Dr Priceline’s downstream cost reduction plan cannot simply be scaled up.

Dr. Lee Gross of Epiphany, a direct primary care leader, brags about the great discounts he gets for his patients on downstream procedures like advanced radiology. And, specifically, he proudly lets us know that a big part of this involves accessing advanced equipment during slack hours. This is, of course, the same strategy by which discounters like Priceline are able to book last minute hotel rooms at big discounts.

As long as marginal costs of production are met, vendors are happy with discounts for inventory that would otherwise become unsalable. But, Dr. Gross, the total of all sales prices has to exceeed the total of all costs of production; else there is no profit. Discount after-hours bookings for MRIs will be available at, and only at, the margins.

The broader world of downstream care pricing will not likely be remade by direct primary care practices applying Dr. Gross’s Pricelining technique. If there is any real value to be extracted by, for example, off-peak MRI scheduling, health insurers and large provider systems will be better equipped to exploit that opportunity than direct primary care clinicians who choose to sacrifice face time with their patients to spend telephone time as downstream care brokers.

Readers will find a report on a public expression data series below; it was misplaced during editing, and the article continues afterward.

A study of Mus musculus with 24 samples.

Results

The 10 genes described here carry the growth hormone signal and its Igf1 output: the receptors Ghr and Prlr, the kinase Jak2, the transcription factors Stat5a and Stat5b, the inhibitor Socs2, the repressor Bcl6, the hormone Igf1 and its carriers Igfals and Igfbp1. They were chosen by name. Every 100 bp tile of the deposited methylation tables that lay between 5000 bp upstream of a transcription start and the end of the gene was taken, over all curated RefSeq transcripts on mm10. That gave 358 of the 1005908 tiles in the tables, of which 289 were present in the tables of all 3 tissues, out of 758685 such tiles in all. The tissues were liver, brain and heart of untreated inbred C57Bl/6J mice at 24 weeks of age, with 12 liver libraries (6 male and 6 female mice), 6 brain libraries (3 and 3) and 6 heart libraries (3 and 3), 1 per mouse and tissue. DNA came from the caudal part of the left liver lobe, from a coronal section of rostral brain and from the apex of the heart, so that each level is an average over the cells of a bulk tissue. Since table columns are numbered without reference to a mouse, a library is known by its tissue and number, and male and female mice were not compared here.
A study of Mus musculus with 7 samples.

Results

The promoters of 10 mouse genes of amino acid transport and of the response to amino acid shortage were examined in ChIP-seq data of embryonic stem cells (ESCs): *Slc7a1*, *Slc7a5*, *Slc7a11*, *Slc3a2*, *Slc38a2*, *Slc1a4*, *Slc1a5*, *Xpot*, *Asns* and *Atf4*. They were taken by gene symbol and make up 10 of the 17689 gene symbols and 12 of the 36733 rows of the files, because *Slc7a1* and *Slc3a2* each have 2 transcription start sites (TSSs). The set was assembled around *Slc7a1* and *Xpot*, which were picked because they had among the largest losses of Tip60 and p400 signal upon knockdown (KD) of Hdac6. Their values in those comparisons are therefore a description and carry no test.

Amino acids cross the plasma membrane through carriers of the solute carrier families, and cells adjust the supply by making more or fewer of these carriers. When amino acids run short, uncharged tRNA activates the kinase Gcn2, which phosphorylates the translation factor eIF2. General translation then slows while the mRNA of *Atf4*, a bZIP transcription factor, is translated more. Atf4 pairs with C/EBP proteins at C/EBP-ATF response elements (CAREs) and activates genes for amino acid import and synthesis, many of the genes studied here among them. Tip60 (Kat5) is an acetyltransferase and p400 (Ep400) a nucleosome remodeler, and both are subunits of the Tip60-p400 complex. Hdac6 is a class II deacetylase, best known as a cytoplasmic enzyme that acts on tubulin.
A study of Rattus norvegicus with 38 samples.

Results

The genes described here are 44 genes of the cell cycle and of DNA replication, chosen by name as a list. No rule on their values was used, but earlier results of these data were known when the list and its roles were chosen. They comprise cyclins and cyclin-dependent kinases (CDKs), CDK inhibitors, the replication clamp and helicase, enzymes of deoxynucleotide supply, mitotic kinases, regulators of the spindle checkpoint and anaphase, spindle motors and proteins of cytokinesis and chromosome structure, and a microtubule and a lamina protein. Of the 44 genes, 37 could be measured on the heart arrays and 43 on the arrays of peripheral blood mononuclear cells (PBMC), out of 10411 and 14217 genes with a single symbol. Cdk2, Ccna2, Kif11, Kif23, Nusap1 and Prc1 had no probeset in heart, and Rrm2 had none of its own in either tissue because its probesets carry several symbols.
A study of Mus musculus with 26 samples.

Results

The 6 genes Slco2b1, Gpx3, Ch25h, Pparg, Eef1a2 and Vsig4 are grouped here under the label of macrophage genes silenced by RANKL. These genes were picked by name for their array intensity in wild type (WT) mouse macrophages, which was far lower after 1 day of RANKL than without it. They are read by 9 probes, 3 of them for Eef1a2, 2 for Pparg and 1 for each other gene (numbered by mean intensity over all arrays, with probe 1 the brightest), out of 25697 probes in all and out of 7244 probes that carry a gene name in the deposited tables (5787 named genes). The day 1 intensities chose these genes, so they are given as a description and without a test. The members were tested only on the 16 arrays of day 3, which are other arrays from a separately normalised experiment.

Come to think of it, is there any legitimate reason for direct primary care physicians — who pride themselves on long, probing patient visits — to spend their precious time acting as downstream care brokers? How exactly has the DPC MD who delivers meds to your office, or opens her surgery for a Sunday meds pickup become a symbol of cost-effective care?


Doctor Gross plainly understands that a seller of MRI services is willing to provide lower cost services at below average prices so long as marginal costs are met. But many of his compatriots describe accepting Medicare and Medicaid patients at payments lower than average fees as “losing money”, even when that amount of price discrimination can add to a practice’s bottom line. And I don’t hear them grousing about how Gross’s patients are not paying their fair share of MRI costs, even as I hear them make the equivalent complaint about Medicare and Medicaid patients.